You want your dog to be as healthy as possible, and nutrition is a major component of overall health. Pet supplements can provide much-needed vitamins and minerals that are missing from your pet's diet. However, you should thoroughly research potential supplements before giving them to your pet. Here are four things to ask yourself before making any changes to your dog's diet:
1. Is your dog's food providing adequate nutrition?
Commercial dog food is formulated to contain everything your dog needs to thrive. Experts carefully balance the nutrients in vet-approved wet and dry dog food. However, in some cases, you may not want to feed your dog commercially available food. If your dog has allergies or if you'd rather feed your dog an all-natural diet, you can feed your dog whole foods such as meat, vegetables, and potatoes. If you decide to make your dog's food from scratch, it's a good idea to feed them supplements to provide any missing nutrients.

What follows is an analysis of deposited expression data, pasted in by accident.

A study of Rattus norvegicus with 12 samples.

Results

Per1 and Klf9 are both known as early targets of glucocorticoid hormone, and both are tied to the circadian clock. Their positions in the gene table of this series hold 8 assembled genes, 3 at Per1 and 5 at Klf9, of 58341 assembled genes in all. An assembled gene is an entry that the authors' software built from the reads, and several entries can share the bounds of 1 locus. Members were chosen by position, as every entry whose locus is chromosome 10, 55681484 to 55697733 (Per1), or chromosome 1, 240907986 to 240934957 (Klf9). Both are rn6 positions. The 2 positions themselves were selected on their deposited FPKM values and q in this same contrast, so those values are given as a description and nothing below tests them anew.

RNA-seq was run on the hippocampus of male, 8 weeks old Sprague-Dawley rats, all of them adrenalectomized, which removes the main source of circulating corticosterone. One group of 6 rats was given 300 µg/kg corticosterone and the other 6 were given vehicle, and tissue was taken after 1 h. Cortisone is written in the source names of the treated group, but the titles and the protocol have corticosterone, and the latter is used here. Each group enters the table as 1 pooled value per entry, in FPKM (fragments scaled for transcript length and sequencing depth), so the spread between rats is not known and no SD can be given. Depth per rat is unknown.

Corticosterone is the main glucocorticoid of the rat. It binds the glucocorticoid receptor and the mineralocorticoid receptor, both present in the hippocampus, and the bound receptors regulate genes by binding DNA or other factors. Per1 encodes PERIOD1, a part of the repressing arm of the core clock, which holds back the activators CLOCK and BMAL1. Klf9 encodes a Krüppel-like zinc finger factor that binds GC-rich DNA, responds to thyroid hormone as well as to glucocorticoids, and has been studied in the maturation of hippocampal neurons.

2. Does your dog have any specific health concerns?
If your dog has specific health concerns, supplements may help you manage their condition. According to WebMD, supplements containing glucosamine-chondroitin can help relieve symptoms of arthritis in dogs. In addition, certain vitamins can combat inflammation caused by a variety of diseases. Supplements usually have fewer side effects than other types of medication, so they should be the first line of defense when dealing with ailments.
3. Have you spoken to your veterinarian?
Before starting your dog on any new health regimen, it's a good idea to talk to your veterinarian first. They can give you their expert opinion and help you decide on a type of supplement and dosage that's best for your dog. If your dog is on other medication, you'll also want to ask about potential interactions which are rare but can occur with certain combinations of medication.
4. Will your dog take supplements?
Finally, remember that you'll need to find a way to feed your dog supplements. If your dog typically eats their food without a fuss, you can probably slip your dog's supplement into their normal meal; just check their dish after they've finished to make sure they didn't eat around the supplement. If your dog is picky, you might have to resort to high value treats to get them to take their supplement. Some pet owners find success by hiding supplement pills in cheese, peanut butter, or other soft treats that dogs love.